What originally started out as our Halloween retrospective eventually got pushed back, and then pushed back again and again until finally we decided we’re going to celebrate Christmas in December. I know I’ve mentioned Zombies Ate My Neighbors in previous posts, but now I feel I need to get it its proper kudos.
Zombies Ate My Neighbors isn’t typically the co-op game that most people remember sinking hundreds of hours into in the early/mid-90s, but over the years it has morphed into one of the premier cult classics of the classic 16-bit generation.
When Nintendo was originally set to launch the Nintendo Wii, Zombies Ate My Neighbors was one of the games that fans sounded off about for inclusion on the Virtual Console store before the system even launched, proving that its popularity has only grown as years have passed. I believe that part of its cult classic status is due to the fact that there hasn’t been a game that has come around like it since then. The game did have a sequel and a quasi-spin-off, but no game has been able to capture the same type of magic that turned ZAMN into what it is today.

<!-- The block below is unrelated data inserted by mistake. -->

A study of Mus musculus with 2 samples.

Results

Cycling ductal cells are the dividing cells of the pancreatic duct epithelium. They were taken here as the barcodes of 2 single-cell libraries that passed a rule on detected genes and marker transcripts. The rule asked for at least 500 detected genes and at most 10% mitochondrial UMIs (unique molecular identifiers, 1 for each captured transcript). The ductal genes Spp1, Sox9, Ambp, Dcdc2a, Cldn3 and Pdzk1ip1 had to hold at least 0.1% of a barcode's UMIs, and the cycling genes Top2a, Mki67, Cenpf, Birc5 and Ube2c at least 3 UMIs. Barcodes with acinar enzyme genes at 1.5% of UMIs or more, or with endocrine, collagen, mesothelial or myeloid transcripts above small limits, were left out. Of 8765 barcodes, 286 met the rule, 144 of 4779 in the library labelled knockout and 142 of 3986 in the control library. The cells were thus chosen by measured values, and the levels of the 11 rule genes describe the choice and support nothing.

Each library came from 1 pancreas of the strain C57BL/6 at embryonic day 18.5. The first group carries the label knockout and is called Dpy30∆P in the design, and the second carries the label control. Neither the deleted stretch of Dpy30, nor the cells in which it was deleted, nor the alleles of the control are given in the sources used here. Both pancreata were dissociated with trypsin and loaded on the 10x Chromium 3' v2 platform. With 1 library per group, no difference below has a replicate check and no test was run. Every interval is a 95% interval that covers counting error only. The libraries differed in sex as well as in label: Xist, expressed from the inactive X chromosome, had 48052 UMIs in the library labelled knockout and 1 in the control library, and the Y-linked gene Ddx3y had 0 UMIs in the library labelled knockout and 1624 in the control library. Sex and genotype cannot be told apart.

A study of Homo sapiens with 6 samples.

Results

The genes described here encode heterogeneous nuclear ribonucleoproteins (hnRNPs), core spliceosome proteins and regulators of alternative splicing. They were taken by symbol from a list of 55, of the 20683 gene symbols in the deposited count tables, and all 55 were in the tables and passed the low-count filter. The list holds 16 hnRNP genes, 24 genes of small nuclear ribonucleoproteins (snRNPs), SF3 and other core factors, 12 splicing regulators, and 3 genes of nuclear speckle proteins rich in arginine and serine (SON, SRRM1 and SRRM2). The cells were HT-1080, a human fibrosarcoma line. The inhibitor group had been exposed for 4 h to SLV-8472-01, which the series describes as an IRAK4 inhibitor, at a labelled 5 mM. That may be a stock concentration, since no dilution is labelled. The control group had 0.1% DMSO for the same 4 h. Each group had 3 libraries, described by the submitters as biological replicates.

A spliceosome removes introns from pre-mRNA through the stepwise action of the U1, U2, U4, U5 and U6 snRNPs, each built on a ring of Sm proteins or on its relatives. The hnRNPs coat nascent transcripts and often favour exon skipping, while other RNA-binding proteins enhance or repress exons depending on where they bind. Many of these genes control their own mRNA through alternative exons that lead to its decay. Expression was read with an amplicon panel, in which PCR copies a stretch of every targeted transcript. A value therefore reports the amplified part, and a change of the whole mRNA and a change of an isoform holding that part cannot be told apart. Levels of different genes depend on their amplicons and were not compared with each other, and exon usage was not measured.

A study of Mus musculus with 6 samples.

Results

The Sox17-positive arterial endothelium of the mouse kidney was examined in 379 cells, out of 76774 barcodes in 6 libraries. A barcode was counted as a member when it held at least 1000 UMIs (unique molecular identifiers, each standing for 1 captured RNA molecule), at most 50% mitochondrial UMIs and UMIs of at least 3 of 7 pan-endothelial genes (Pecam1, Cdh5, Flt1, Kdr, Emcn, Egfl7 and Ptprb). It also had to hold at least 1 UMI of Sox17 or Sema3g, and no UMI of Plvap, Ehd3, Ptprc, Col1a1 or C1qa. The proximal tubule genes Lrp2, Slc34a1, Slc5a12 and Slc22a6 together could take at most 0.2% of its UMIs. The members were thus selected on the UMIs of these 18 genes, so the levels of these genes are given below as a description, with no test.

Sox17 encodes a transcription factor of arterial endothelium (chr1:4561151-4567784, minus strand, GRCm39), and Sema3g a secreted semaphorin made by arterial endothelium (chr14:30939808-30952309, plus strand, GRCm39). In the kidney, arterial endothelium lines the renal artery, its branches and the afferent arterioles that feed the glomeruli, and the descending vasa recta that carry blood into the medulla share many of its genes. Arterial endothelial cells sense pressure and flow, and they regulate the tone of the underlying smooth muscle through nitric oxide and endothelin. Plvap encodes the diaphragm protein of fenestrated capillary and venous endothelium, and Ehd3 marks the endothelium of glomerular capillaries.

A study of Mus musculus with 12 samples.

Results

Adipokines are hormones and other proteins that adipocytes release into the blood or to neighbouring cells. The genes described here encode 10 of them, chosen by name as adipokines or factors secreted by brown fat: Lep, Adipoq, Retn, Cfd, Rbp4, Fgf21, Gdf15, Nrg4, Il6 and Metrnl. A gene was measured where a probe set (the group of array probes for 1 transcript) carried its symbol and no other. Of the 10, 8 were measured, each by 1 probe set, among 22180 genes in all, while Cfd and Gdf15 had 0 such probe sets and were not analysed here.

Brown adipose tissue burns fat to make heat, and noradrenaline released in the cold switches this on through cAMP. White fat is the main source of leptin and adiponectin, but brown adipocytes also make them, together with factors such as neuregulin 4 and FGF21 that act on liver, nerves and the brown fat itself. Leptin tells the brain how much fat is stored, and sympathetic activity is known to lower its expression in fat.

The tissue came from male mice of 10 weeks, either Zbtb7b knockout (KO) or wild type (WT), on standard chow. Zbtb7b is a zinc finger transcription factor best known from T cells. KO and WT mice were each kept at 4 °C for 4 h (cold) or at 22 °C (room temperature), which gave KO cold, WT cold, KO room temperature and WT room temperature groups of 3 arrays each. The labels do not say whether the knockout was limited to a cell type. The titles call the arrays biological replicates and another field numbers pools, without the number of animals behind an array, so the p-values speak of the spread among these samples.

On the surface it looks like any other top-down arcade action game, but when you dig deeper you come to find just how much more there is to the game. With its 50+ mini-sandbox levels, the tributes to classic B-horror films like Attack of the 50-Foot Woman and The Blob and more mainstream slashers like Friday the 13th and The Texas Chainsaw Massacre, its many secrets, its twisted humor, the way its combat encourages strategy and ammo conservation, its easy to see why Zombies Ate My Neighbors is more than just a lost relic to the games of yore.
My co-host Luke and I get into all of those and much more as we dissect one of our personal favorite games from what is objectively the best era in video game history.
Author: Dustin Thomas
Dustin loves Jesus. He’s also a youth pastor, podcaster, YouTuber, former professional wrestler, and the utmost authority on The Simpsons seasons 3-10.
Dustin and his wife Heather live in the Cincinnati area, where they root for many losing sports teams.